Archaeologists recently unearthed Israel's oldest known seal imprint, a device that seals an object by stamping a pattern into soft material such as clay or wax. According to a new study, the tiny clay impression dates back 7,000 years and was likely used to seal and sign deliveries as well as keep storerooms locked.

During excavations in Tel Tsaf, a prehistoric settlement in Israel's Beit She'an Valley, the study team unearthed the seal, along with roughly 150 others, between 2004 and 2007. According to The Jerusalem Post, while most of the other seals were merely pieces of clay with no imprints, one had an impression with two distinct geometric shapes on it.

According to a release, researchers identified this piece as the oldest seal impression known in the region after completing a thorough investigation. Older seals dating back 8,500 years had been discovered in the area before this find, but seal imprints had not.

Such sealings, or "bulla," were employed by prehistoric people to sign and seal letters to keep them from being read by curious strangers. However, they were also used to identify cargoes and warn that certain silos or barns were off-limits. According to the statement, if a barn door was opened, the seal would break, indicating that someone had gone inside, just as it would with letters.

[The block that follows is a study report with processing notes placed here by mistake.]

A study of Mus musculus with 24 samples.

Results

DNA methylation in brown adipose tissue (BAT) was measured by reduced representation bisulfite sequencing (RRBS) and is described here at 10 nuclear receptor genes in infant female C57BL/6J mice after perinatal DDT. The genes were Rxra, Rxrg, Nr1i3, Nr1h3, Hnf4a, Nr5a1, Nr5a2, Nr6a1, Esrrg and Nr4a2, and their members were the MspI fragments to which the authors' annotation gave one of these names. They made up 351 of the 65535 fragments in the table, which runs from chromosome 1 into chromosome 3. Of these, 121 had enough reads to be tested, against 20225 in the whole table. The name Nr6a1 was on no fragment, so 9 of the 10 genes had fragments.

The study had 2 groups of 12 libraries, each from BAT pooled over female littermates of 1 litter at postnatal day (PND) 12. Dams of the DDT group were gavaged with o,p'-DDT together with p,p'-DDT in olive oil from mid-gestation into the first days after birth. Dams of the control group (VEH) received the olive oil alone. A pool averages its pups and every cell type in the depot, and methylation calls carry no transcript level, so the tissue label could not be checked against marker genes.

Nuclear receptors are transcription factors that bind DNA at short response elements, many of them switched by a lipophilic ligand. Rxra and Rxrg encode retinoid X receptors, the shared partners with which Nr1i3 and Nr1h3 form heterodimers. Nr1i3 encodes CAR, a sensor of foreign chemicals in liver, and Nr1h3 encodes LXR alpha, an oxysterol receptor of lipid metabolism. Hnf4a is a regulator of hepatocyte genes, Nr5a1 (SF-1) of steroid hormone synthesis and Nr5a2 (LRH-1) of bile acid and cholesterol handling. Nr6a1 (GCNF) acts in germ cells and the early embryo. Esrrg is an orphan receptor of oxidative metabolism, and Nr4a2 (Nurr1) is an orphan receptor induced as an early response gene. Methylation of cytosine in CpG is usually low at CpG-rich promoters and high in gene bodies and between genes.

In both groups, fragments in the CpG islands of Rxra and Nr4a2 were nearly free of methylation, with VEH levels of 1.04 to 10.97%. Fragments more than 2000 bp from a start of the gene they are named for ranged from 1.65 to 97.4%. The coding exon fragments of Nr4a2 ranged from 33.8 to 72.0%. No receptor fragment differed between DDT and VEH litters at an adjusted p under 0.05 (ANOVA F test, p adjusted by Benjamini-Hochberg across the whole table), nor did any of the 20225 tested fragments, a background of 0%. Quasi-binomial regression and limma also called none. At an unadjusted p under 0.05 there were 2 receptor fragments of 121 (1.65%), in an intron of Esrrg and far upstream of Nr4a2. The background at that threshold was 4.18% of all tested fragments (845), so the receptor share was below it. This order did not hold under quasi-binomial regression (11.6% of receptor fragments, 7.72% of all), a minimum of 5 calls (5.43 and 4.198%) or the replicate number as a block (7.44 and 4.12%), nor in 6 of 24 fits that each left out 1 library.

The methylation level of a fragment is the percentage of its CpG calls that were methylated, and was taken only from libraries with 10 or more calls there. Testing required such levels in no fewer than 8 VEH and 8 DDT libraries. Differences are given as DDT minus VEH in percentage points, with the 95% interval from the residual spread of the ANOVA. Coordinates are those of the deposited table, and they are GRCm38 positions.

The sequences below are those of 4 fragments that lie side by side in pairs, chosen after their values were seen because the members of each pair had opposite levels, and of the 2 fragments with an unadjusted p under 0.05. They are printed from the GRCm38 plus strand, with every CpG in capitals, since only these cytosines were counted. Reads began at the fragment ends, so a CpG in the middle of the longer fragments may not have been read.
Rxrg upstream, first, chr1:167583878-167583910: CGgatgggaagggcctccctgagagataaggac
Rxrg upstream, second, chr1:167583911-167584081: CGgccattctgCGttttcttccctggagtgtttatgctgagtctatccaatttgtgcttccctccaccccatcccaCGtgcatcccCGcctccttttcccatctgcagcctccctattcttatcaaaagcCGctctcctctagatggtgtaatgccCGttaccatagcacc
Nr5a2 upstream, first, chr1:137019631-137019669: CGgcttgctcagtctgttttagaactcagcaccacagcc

In a statement, senior author Yosef Garfinkel, a professor at the Hebrew University of Jerusalem, said, "Even today, similar sorts of sealing are employed to prevent tampering and theft." "It comes out that this was already in use by land owners and local administration to defend their property 7,000 years ago," said Garfinkel, who conducted the excavation alongside his two students at the time.

The ancient seal is smaller than 0.4 inches (approximately a centimetre) wide and has two different stamps on it, which was discovered in excellent shape due to the dry climate of the area. According to the statement, the two separate stamp designs indicate that the seal may have been used in a commercial transaction involving two people.